If you’ve never worked in the restaurant industry before, you probably didn’t realize that owning a restaurant means you’re not only a cook, but you’re also Mr. (or Mrs.) Fix-It, a “hospitalian” and an accountant—all in one.
The numbers are extremely important when it comes to owning and operating a restaurant; keeping a close watch on your profit margins, food cost and price per plate is all the difference in having your doors open or closed…for good. Knowing your food cost helps you set a price per plate, which (if priced appropriately) will help you forecast profit. Unfortunately there are also several macroeconomic variables at play which also dictate your price per plate, one of which being what price your market will bear. Priced too cheaply, and you’ll bleed money…but price too expensively, and you could alienate diners who either can’t afford your restaurant, or don’t feel they get their money’s worth. Sourcing good ingredients while still providing the appropriate “perceived” value will be a consistent balancing act.
Pricing the plates is just one component to calculating your overall food cost. You may hear your colleagues tout a 31% food cost, but even then, they’re only reaping a 1.2% profit margin (at best). Restaurants have notoriously low profit margins, and only an amateur entering the field would expect otherwise. Still, there are ways you can affect your bottom line, and it starts with your food cost.
So how do you calculate your food cost? Start by gathering the following information:
- Cost of beginning inventory
- Purchases cost
- Cost of ending inventory
- Food sales
Now remember this formula:
Food Cost % = (Beginning Inventory + Purchases – Ending Inventory) / Food Sales
The final percentage indicates the cost for every dollar you took in sales. Let’s take a look at this example:
- Cost of beginning inventory = $15,000
- Purchases cost = $3,000
- Cost of ending inventory = $13,000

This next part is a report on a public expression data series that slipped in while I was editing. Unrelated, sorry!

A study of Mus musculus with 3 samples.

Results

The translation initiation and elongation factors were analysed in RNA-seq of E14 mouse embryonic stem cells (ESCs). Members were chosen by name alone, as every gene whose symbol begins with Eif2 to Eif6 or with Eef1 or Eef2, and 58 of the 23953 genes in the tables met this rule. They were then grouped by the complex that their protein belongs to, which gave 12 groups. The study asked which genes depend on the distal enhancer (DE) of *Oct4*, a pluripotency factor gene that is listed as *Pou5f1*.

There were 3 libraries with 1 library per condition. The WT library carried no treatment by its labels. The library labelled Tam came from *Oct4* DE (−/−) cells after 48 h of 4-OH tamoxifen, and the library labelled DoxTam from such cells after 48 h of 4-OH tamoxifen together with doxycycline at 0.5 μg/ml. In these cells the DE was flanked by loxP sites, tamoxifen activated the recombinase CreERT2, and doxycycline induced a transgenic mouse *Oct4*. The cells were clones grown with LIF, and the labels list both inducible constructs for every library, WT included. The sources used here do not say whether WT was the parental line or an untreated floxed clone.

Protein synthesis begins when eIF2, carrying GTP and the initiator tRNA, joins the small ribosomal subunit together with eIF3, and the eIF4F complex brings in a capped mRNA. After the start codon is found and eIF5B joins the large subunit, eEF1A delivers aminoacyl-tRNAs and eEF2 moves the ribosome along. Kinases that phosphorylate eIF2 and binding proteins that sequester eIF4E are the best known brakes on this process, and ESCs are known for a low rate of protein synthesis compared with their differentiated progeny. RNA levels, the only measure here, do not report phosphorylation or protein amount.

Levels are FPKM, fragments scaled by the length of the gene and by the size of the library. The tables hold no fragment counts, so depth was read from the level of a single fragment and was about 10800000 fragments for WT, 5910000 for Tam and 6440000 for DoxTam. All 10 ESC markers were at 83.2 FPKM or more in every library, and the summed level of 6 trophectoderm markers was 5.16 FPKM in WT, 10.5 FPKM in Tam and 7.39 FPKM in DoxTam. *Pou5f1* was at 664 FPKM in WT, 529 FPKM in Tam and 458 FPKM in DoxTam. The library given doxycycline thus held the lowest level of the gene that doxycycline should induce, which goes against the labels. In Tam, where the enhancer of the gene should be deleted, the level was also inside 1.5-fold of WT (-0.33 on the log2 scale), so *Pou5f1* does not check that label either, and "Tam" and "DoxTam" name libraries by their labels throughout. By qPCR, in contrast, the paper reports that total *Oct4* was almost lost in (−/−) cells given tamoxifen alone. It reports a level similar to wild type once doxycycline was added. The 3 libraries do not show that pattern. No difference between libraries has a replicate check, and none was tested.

- Food sales = $15,000
Your formula is ((15,000 + 3,000) – 13,000)/15,000 = .33 or 33% food cost
If you’re struggling to break even or turn a profit, analyzing your food cost is the first step. A gut reaction to low sales is to simply sell more food, or worse, raise prices. Consider any price increase carefully and thoughtfully, because those changes could negatively impact your customer sales. Before tackling your price per plate, review other areas of your supply chain. Are you holding too much money in inventory? Are you losing a lot of revenue in food waste? Take the time to measure and track these small supply chain leaks before taking action—you’d be surprised how quickly the little things add up. For example, before throwing away those condiment bottles and other bulk sauce containers, a quick spatula or scoop can secure you a few more ounces which would otherwise be going down the drain.
Implement a good tracking system so you can be confident in the numbers you work with. For example, teaching servers to track a 2 oz side of ranch on orders helps you properly measure your inventory (make sure it’s exactly 2 oz by using a scale). Or if a 14 oz portion of Tuna is ‘wasted,’ on the line, track that too. Without these figures, your inventory analysis will be skewed. Finally, don’t forget your bulk recipes! Preparing large portions of salsa in advance saves you time on the line, but tracking that product is an entirely different matter; your fish entrée may only utilize 1 oz of your pre-made salsa, but it’s extremely important to learn just how much that 1 oz costs per plate. Even if it’s just $.05 on a plate, you’ll find the smallest amount of garnish is still worth measuring and tracking.
Identifying these key issues in your restaurant can make a seriously (positive) impact to your business. Give it 90 days, and see how easy it is to make simple improvements to your bottom line!